Wednesday, January 1, 2020

Erle Stanley Gardner's The Case of the Buried Clock

The Case of the Buried Clock is a 1943 Perry Mason novel by Erle Stanley Gardner.

Harley Raymand, recovering from a war wound, is staying at the mountain cabin owned by banker Vincent Blane. Raymond has made a curious discovery. A buried clock. Why would anyone want to bury a clock? And the clock is still running. He also makes another discovery - a dead man in the cabin. The dead man is the husband of Blane’s daughter Millicent. He’s been helping himself to funds from Blane’s bank.

Since Millicent seems likely to strike the local sheriff as an obvious suspect Blane retains Perry Mason’s services. There’s actually a wide choice of suspects. There’s Millicent’s sister Adele, who hated the dead man. There’s a brother and sister, Burt and Lola Strague, and there’s wildlife photographer Rod Beaton. They were all on the scene. As was glamorous widow Myrna Payson.

Perry agreed to take the case because the clock angle intrigued him and he’s even more intrigued when he realises the clock is keeping sidereal time, not solar time. Setting a clock to do that is the kind of thing you’d do if you wanted to track the position of a star. Perry has no idea how that might tie in to the murder but he has a feeling that if he can find the connection he’ll crack the case. Also puzzling is the bullet. There isn’t one. There’s no exit wound so the bullet has to be in the body, but it isn’t. And then there are the tyre prints. And the family doctor who tells an amazing number of lies.

Deputy District Attorney McNair is young, ambitious and arrogant and he has a watertight case. He just can’t lose. If only Mason would stop carrying on about that damned clock.

There’s plenty of misdirection in this tale and Perry Mason (and Paul Drake) fall for quite a lot of it. The solution is more complicated, and more simple, than it appears to be.

Perry gets to express his feelings about police ethics, his view being that the police don’t have any. For their part Paul Drake and Della Street are a bit worried that Perry’s legal ethics seem to encompass everything from concealing witnesses to breaking and entering but when you work for Perry Mason you just have to get used to such things.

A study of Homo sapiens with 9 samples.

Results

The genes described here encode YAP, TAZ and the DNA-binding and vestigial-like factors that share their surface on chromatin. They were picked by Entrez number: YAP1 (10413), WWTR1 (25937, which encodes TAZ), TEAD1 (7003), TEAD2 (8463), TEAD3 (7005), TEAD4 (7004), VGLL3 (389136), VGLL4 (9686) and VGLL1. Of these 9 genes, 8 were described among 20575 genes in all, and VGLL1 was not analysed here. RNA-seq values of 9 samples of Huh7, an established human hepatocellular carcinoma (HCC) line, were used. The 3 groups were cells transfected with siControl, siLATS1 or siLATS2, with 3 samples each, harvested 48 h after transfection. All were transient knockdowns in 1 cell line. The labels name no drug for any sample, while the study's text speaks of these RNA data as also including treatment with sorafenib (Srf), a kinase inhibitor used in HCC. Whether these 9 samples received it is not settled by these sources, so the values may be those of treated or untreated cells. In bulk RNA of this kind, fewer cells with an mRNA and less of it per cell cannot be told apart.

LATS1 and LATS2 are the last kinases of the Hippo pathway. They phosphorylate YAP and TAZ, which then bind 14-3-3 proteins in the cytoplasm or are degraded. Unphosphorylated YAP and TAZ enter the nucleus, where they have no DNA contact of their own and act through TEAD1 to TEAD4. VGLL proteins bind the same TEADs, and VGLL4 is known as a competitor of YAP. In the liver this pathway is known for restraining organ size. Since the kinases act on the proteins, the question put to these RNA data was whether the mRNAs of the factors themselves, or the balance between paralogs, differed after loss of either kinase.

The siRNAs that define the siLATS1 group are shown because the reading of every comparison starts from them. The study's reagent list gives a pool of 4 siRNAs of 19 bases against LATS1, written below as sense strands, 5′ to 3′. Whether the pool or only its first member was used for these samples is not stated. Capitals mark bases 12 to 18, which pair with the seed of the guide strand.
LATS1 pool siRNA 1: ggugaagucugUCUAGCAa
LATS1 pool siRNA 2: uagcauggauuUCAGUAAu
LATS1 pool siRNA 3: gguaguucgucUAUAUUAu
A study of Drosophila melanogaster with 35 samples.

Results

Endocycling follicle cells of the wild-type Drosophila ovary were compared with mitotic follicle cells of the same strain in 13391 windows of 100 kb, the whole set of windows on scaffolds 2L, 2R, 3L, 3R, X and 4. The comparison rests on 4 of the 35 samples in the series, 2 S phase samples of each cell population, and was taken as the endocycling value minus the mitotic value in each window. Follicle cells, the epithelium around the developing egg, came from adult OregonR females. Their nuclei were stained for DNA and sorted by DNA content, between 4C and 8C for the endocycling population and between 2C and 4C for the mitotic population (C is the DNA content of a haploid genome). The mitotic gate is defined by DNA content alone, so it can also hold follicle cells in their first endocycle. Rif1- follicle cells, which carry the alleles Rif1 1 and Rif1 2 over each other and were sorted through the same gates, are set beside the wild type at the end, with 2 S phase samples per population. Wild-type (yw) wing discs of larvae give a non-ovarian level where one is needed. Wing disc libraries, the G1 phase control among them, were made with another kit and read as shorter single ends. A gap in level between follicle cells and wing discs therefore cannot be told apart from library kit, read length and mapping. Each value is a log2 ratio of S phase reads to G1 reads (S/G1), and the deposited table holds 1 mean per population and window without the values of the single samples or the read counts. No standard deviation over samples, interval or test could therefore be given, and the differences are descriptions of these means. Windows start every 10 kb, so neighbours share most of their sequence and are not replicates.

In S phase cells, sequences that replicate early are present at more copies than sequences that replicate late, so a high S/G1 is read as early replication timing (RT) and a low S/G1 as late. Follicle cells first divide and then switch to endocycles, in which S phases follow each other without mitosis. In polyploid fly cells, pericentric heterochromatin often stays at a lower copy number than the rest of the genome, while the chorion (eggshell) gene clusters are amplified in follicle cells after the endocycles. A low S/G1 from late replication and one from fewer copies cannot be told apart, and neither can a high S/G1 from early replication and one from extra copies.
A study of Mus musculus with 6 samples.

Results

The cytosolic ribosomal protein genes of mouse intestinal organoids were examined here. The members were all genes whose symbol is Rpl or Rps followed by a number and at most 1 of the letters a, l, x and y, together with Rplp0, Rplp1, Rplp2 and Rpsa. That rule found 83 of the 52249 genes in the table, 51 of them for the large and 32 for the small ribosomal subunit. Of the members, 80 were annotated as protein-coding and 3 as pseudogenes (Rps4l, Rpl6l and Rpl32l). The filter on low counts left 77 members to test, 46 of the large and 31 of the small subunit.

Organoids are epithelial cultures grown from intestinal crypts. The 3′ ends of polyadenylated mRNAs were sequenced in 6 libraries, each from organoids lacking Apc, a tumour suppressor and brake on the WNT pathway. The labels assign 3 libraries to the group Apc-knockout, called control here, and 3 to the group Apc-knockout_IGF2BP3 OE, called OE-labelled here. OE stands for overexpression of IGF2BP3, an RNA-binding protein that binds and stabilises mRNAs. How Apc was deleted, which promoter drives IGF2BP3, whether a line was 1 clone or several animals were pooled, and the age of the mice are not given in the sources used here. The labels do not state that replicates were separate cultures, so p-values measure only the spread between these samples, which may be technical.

Perry likes to set traps for prosecutors to walk into but this time it seems like he may have met his match as he blunders into some very subtle traps laid by Deputy D.A. McNair. A lesser man might have been daunted but this sort of thing just gets Mason more motivated. He’s going to have to be very motivated indeed to win this case. Gardner always handles courtroom scenes with great skill and this book contains enough devious legal manoeuvrings to please fans.

Gardner’s method in the Perry Mason novels was to stick to the very successful formula he’d established but add enough twists to keep things fresh and interesting and in the 40s he was at the top of his game. It seems impossible that he can connect so many bizarre clues into a coherent plot but he does so.

The Case of the Buried Clock is not perhaps in the absolute top tier of Perry Mason stories but it’s still fine entertainment. Highly recommended.

My latest project is to pick the episodes of the 1957-66 TV series based on Erle Stanley Gardner’s novels and read the novel, then watch the TV episode and do parallel reviews of both. My review of The Case of the Buried Clock TV episode can be found here at Cult TV Lounge.